Appeals & Response Plans
- South Sudan: Floods - Sep 2017
- East Africa: Armyworm Infestation - Mar 2017
- South Sudan: Cholera Outbreak - Jul 2016
- South Sudan: Food Insecurity - 2015-2018
- South Sudan: Cholera Outbreak - Jun 2015
- Sudan/South Sudan: Measles Outbreak - Mar 2015
- South Sudan: Kala-azar Outbreak - Sep 2014
- South Sudan: Floods - Aug 2014
- South Sudan: Cholera Outbreak - May 2014
- South Sudan: Measles Outbreak - Sep 2013
Most read (last 30 days)
- South Sudan Regional Refugee Response Plan, January - December 2018
- UN considering new base on western bank of Nile to give South Sudanese refugees confidence to return
- South Sudan declares the end of its longest cholera outbreak
- Aid appeals seek over $3 billion as South Sudan set to become Africa’s largest refugee and humanitarian crisis
- Rift Valley Fever (RVF) Outbreak: Yirol East, Eastern Lakes State, Republic of South Sudan - Situation Report No. 4 as at 17.00 Hours; 21 January 2018
As South Sudanese leaders are set to participate in another series of talks in the coming months, their citizens continue to flee the violence, lawlessness and humanitarian disaster that characterises their country. From refugee settlements in Uganda and elsewhere in the region, they follow these discussions with a mix of scepticism, hope and rejection. Most have lost faith in the willingness of their politicians to find a solution to their situation at the negotiation table. As a refugee leader in Uganda’s Adjumani district told IRRI: “Such dialogues have been done many times.
4 December 2017
In August 2014, eight months after the war in South Sudan began, the African Committee of Experts on the Rights and Welfare of the Child (ACERWC) described it as “a war on the children of South Sudan”. More than three years later, the violence in South Sudan continues, and children continue to be the victims of atrocities and to suffer from the worsening humanitarian crisis the war has caused.
The International Refugee Rights Initiative (IRRI) is responding to the call for information about humanitarian responses to forced displacement in Central and East Africa.
To Permanent Representatives of member and observer States of the United Nations Human Rights Council
Geneva, 23 February 2017
RE: Renewing the mandate of the Commission on Human Rights in South Sudan and addressing the need for accountability for past and on-going crimes under international law and human rights violations in South Sudan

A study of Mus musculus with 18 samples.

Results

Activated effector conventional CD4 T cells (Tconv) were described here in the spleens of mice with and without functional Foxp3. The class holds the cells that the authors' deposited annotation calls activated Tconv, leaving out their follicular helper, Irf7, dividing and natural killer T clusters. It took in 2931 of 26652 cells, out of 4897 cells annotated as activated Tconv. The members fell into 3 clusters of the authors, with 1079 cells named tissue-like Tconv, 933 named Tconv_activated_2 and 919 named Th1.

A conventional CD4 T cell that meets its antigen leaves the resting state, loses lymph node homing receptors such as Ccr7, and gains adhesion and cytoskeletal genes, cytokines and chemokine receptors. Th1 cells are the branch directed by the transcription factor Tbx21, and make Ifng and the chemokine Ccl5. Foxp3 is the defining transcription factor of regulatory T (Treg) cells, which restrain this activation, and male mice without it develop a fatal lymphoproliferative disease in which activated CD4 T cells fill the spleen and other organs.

Civil Society Statement to the UN Human Rights Council's 26th Special Session regarding South Sudan
Tomorrow marks a terrible anniversary for South Sudan. On December 15, 2013, fighting in Juba ignited a brutal conflict that has torn the country apart, leaving millions of South Sudanese in dire need. Today the country stands on a precipice.
In early September 2011, less than three months after war broke out between the government of Sudan and the Sudan People’s Liberation Movement/Army-North (SPLM/A-N) in Southern Kordofan, violence erupted in Blue Nile State. It began in the capital Damazin, and spread quickly throughout the state, drawing on similar grievances and tensions that had driven the previous civil war and that had been left unresolved by the 2005 Comprehensive Peace Agreement (CPA).
(Kampala, 15 December 2015) On the two-year anniversary of the outbreak of violence in South Sudan, IRRI has published a new report, “Protecting some of the people some of the time: Civilian perspectives on peacekeeping forces in South Sudan”. The report examines civilian perspectives of peacekeeping forces in South Sudan within the broader context of the conflict and the protection challenges facing civilians, including the need for protection from atrocities.
With 87 South Sudanese refugee arrivals a day, Uganda’s Adjumani District offers important lessons for alternatives to camps
The International Refugee Rights Initiative (IRRI) is responding to the call for information about the transitional period in South Sudan and the ways in which aid might have been targeted more effectively.
(20 June 2014) On the occasion of World Refugee Day, the International Refugee Rights Initiative (IRRI) is launching a paper aimed at policy makers dealing with refugees. Based on nine case studies across the region carried out by IRRI over six years, it contends that the framework of citizenship can contribute positively to a better understanding of, and better policy responses to, forced displacement in Africa’s Great Lakes region.
"We could not wait for our dead bodies to be found first"
(Kampala, 2 April 2014) Nearly a quarter of a million South Sudanese have fled to neighbouring countries, with Uganda taking the largest number – around 87,000. The International Refugee Rights Initiative's report, Conflict in South Sudan: Refugees seek protection in Uganda and a way home explores the immediate predicament facing these recently arrived refugees, and the longer-term implications for peace and security in South Sudan.
On 6 December 2013, the Kampala Convention celebrated the one year anniversary of its entry into force. Officially known as the African Union Convention for the Protection and Assistance of Internally Displaced Persons in Africa it commits national governments to provide legal protection for the rights and wellbeing of internally displaced persons (IDPs) as a result of armed conflict, generalised violence, natural disasters, human rights abuses, development projects and other causes.
Citizenship and displacement in the Great Lakes Region. Working paper 9, May 2013
(2 May 2012) China and the United States are in a unique position to encourage Sudan and South Sudan to resolve their internal and cross-border conflicts through peaceful negotiation, said a coalition of leading Arab and African civil society organisations in letters sent to the US Secretary of State and Chinese Foreign Minister ahead of the US-China strategic dialogue in Beijing, May 3-4.